2022 IAC36 Spring Hammerhead Roundup
Last updated 5/10/2022 at 11:38am
The International Aerobatic Club Chapter 36 San Diego Hammerheads were back in the skies from April 21 – April 23 at the Borrego Valley Airport for the annual Spring Roundup competition. Even the windy weather conditions could not stop the enjoyment of the competition.
"It's amazing to be back here! Borrego is known throughout the aerobatic world and we had people come from as far away as Texas just to fly in this contest because they heard wonderful things about Borrego." Contest Director Bryan Jones said.
Last Spring Hammerhead was not as advertised as this year, due to the looming COVID-19 guidelines that were ever so changing during that time.
There were 47 pilots registered in this year's competition, the largest contest dating all the way back to 1994. They flew 213 flights over three days.
Despite a few of regulars sidelined due to mechanical issues, that was made up for with 19 competitors in the Primary category.
"These are pilots who are just starting their aerobatic careers and we love that they get to do that in Borrego. Had all of our regular attendees made it, the contest would easily have hit 55 to 60 pilots, which is almost the size of the National Championships!" Jones said.
The wind on Friday definitely made things challenging, he said.
"It's hard to fly precise figures when the wind is blowing 30 knots! We always fly our competitions from East to West so that we keep the airplanes and noise away from downtown Borrego," Jones added.
Pilots AJ Wilder, Howard Kirker and Hiroyasu Endo made their appearance, setting high standards as usual, with the absence of well-known pilots Jim Bourke, Susan Bell and Rory Moore. But new competitors flying in their first contest made themselves known.
With their dynamic expertise, vertical dives, rolls, graceful maneuvers, exploitation of aerodynamic and gyroscopic forces, pilots flew with precision for the judges, led by Head Judge Michael Church.
After the five competition categories, many enjoyed watching the Hammerhead finale, which was a four-minute freestyle with trailing smoke by experienced Unlimited pilots. However, that freestyle was pushed back to Saturday, due to the high winds.
The four-minute free has no limit to the number or style of figures and can be flown with smoke and music in order to add points for presentation. The competition consists of flying for four minutes. Any long or shorter could be subject to penalties that can drop a pilot from first to last. However chaotic it may look to the spectator, it is judged to standards like the rest of the competition.
Wilder won the Unlimited category, topping Hiroyasu Endo.
Other top awards went to Adam Fern, Primary; Eric Moore, Advanced; Alex Huey, Intermediate; Phillip Gragg, Sportsman.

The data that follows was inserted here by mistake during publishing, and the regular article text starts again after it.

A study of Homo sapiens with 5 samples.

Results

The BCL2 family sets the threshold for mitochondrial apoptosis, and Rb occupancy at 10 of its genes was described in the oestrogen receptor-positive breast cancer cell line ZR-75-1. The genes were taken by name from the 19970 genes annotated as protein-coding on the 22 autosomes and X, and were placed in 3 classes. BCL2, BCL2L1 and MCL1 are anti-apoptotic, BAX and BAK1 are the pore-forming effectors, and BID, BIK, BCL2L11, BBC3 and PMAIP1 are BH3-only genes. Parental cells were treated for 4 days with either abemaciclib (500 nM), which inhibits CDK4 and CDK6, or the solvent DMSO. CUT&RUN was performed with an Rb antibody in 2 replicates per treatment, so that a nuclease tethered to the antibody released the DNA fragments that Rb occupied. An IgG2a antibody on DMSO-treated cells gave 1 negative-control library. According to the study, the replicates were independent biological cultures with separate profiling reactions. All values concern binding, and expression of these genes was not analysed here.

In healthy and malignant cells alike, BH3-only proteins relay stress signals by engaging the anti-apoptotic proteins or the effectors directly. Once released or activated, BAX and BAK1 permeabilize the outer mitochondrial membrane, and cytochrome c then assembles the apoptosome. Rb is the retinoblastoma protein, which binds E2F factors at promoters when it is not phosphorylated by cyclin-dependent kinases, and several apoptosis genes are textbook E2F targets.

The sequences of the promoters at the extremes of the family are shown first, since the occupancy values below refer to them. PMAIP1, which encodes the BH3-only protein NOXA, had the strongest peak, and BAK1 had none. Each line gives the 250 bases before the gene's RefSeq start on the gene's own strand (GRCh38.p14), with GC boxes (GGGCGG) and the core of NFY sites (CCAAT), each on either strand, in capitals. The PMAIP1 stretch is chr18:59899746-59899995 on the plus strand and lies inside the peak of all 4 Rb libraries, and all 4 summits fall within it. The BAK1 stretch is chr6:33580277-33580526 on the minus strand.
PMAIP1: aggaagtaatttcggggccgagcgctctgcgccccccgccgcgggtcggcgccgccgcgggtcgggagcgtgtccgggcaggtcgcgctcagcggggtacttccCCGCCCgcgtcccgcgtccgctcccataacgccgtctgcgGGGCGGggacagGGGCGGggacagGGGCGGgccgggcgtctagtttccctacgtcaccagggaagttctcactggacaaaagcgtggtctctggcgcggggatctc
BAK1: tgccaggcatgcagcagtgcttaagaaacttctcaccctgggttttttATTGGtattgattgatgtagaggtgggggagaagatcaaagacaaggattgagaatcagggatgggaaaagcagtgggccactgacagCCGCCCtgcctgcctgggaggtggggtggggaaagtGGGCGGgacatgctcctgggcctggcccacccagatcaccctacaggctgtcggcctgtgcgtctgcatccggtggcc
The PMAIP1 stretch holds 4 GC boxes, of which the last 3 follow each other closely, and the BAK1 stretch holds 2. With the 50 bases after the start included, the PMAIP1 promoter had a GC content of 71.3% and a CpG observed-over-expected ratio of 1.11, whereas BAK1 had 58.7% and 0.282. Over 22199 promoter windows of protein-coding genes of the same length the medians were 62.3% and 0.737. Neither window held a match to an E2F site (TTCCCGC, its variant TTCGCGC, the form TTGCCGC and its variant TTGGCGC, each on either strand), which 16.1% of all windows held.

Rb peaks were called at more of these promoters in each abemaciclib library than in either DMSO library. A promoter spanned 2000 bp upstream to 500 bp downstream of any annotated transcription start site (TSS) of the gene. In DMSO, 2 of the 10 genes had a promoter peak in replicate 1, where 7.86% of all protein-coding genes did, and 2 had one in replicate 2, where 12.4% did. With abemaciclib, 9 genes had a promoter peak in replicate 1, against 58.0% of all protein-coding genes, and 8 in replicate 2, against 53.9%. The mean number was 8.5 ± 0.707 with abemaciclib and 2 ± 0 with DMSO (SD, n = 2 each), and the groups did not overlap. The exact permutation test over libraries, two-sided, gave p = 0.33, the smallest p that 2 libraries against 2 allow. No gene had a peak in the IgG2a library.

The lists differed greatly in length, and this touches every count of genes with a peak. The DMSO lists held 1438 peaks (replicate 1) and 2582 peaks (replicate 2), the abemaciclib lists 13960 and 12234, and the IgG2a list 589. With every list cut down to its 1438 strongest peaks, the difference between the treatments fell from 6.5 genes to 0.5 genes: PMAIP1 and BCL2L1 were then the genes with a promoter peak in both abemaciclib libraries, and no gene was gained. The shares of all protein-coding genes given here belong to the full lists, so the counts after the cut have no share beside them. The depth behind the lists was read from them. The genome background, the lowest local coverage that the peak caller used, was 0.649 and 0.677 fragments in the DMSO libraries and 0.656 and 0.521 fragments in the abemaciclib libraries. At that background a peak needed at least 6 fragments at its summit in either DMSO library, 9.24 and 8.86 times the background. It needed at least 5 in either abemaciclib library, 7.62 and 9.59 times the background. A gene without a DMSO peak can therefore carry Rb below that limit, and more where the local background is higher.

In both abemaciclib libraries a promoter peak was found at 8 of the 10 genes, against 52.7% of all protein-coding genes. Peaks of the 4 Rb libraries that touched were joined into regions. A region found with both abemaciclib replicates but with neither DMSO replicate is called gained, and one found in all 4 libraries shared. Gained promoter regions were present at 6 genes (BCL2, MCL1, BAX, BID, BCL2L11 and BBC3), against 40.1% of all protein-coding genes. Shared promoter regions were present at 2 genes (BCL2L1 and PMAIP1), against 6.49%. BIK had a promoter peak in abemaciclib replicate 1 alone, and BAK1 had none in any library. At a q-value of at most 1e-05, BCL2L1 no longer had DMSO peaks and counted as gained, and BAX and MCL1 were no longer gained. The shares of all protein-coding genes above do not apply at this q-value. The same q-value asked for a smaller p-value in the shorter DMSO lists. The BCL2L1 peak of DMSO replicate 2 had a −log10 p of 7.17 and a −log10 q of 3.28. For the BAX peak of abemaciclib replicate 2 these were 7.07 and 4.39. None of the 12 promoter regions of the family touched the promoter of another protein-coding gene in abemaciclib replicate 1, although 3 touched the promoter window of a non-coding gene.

Eric Moore was flying his very first Advanced contest and beat out a field of strong competitors to win. Adam Fern was also flying his first contest and bested 18 other Primary pilots.
Alex Huey beat Howard Kirker in Intermediate – Kirker is a former Unlimited pilot who stepped back down to Intermediate in a low-power biplane and almost always wins. His flying is immaculate, so Alex's victory is a real achievement!
AJ Wilder is a member of the 2022 U.S. National Unlimited Aerobatic Team that will represent the United States at the World Aerobatic Championships in Poland later this year.
The volunteers for the competition deserve a lot of praise. Under the current circumstances, they were able to help make this competition possible. They also stuck around during the minor wind storms that lifted a few tents and chairs, but still were able to help judge the competition.
Pilots will be back in October for the annual Akrofest Competition, to be held October 27 and October 28.
The Akrofest Competition in October is a premier event, as the chapter touts their aerobatic box as "the world's finest aerobatic box – built to CIVA standards, designed to host the world championships, and practically visible from space," said IAC President Bourke, who is also one of the top stunt pilots.
Chapter 36 is one of three IAC chapters operating in Southern California, founded in the 1970s. IAC is a non-profit organization, as are all its member chapters. They are also a division of EAA, an organization that promotes the sport of aerobatics, provides standards for measuring the quality of aerobatic flight, and is the central governing board for contest aerobatics. IAC also works with the FAA in matters regarding aerobatic flight and associated regulations. While IAC operates at a national level, local chapters within the organization operate at a regional level.